Health Risks in Nonrenewable Energy Sources & Where Ohio Stands

 

When we think of climate change, much of the topic relates to geographic changes and the climate’s dramatic fluctuations. However, what it has to do with human health is never discussed. For decades, the global community has been identifying the contributing factors and trying to remedy the effects. The industrial developments that have made so many aspects of everyday life more convenient, have also been sickening our world to the core. 

As the world continues to suffer increasingly with serious consequences, the most effective solution becomes apparent: these threats must be stopped at their source. The rate of global degradation suggests that the best course of action is proactive prevention. Nonrenewable energy sources such as coal, oil, and natural gas pollute the environment and cause various dangers for human health.

Air Pollution

This is one of the most easily observed effects of traditional energy sources. For each power plant used to produce coal and natural gas, an abundance of CO2 and other toxic gases are released into the air. The smog produced directly affects the surrounding populations by threatening damage to internal organs. 

Habitat Destruction

Fuel sourcing for power plants involves land destruction for drilling and mining. This process destroys habitats through deforestation, contamination, and resource depletion. The strain on the sourcing sites expands to the surrounding areas, which threatens local populations.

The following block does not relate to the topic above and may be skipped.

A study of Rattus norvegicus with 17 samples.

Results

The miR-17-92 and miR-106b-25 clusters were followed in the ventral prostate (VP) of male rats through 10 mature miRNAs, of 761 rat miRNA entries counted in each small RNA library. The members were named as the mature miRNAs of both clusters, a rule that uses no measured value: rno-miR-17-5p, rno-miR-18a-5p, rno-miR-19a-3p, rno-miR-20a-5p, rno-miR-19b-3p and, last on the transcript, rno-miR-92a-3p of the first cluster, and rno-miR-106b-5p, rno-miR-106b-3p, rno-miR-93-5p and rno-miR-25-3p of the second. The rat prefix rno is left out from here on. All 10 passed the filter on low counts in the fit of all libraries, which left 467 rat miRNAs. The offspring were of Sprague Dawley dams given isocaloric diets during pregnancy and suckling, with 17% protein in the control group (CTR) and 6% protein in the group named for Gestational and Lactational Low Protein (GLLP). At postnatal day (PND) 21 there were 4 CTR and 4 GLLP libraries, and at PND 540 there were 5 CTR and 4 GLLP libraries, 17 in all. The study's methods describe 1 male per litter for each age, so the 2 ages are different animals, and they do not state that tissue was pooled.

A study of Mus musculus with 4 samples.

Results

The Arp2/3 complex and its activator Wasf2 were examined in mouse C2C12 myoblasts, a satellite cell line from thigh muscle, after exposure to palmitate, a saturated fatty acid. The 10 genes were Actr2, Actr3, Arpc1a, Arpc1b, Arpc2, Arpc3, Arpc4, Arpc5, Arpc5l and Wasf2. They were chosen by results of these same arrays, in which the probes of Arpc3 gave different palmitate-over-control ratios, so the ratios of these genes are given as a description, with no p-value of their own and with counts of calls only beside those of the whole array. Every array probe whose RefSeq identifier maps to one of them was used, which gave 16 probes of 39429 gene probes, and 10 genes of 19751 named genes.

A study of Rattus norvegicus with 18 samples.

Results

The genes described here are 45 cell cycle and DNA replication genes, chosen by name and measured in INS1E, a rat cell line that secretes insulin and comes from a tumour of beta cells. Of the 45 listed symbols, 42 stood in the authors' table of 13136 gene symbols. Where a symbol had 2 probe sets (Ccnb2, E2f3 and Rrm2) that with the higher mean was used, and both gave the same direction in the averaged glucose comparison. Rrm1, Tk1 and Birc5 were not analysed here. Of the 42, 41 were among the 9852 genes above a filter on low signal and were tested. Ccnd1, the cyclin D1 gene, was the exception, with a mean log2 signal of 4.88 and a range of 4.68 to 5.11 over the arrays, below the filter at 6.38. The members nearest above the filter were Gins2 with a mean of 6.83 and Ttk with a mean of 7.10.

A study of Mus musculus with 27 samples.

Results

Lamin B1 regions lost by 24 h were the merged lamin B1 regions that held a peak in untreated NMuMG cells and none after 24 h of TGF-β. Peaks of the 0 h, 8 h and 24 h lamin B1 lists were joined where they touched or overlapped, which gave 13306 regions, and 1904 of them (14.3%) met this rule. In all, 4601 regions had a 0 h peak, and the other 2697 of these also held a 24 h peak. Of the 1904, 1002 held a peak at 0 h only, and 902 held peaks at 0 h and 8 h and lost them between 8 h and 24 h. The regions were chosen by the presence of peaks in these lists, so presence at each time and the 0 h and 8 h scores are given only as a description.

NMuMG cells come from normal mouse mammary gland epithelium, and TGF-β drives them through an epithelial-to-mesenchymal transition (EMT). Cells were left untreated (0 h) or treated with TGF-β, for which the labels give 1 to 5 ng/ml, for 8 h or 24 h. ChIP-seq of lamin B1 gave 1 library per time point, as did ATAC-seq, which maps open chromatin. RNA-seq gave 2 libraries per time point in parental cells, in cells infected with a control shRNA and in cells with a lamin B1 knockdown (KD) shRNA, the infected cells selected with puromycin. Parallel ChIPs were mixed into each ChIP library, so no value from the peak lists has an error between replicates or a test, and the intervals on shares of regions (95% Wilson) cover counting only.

Water Contamination

Nonrenewable energy production releases waste into bodies of water through direct contact, run-off, and polluted rain (after air pollution). This reduces the accessibility of clean water and even shortens food supplies when wildlife absorbs the toxic substances. 

Renewable Energy Sources Are The Only Way Out

Clean energy sources eliminate threats posed by nonrenewable energy sources. Natural sunlight is a limitless resource with no danger of contamination to our environment. Solar power does not contribute to climate change because it does not release greenhouse gases. Larger ecosystems are not disrupted, food supplies remain uncorrupted, and localized areas experience very little impact. By harnessing clean energy like this, nearby human populations and wildlife alike won’t suffer from health risks or environmental damage.  

Energy Consumption in Ohio & How Does it Hold Up?

Ohio’s largest energy source is coal, deriving 47% of the entire state’s electricity from it. Including other sources like natural gas and nuclear power, 97% of our state’s electricity comes from nonrenewable. This leaves only 3% of Ohio’s electricity to be sourced from renewables; that’s a collective contribution from solar, wind, hydropower, and biomass. 

Ohio currently generates a small percentage of its total energy production from clean, renewable sources. Renewable energy comes from resources that can be replenished. Such sources include biomass, hydropower, geothermal, solar, and wind energy. Unlike fossil fuels or nuclear energy, each of these energy sources is either unlimited or abundant enough that it can be replenished as it is depleted. The most practical methods for a rapidly transitioning society are those which can be quickly established. Solar power is a prime example. 

Transition to Solar Energy

The opportunity for solar energy exists almost anywhere; it’s adaptable, accessible, and limitless. Unlike traditional power plants, solar panel systems can range from personal installations that give the consumer independence, to large generator sites that can power communities. Structured businesses and personal residences benefit from rooftop designs or ground-mounted systems. These systems have the potential to provide complete independence for their owners; with independent sourcing, owners can monitor their usage more closely. While any renewable energy source will benefit our environment, solar is an exceedingly dependable and advantageous option for those who are ready to make the switch.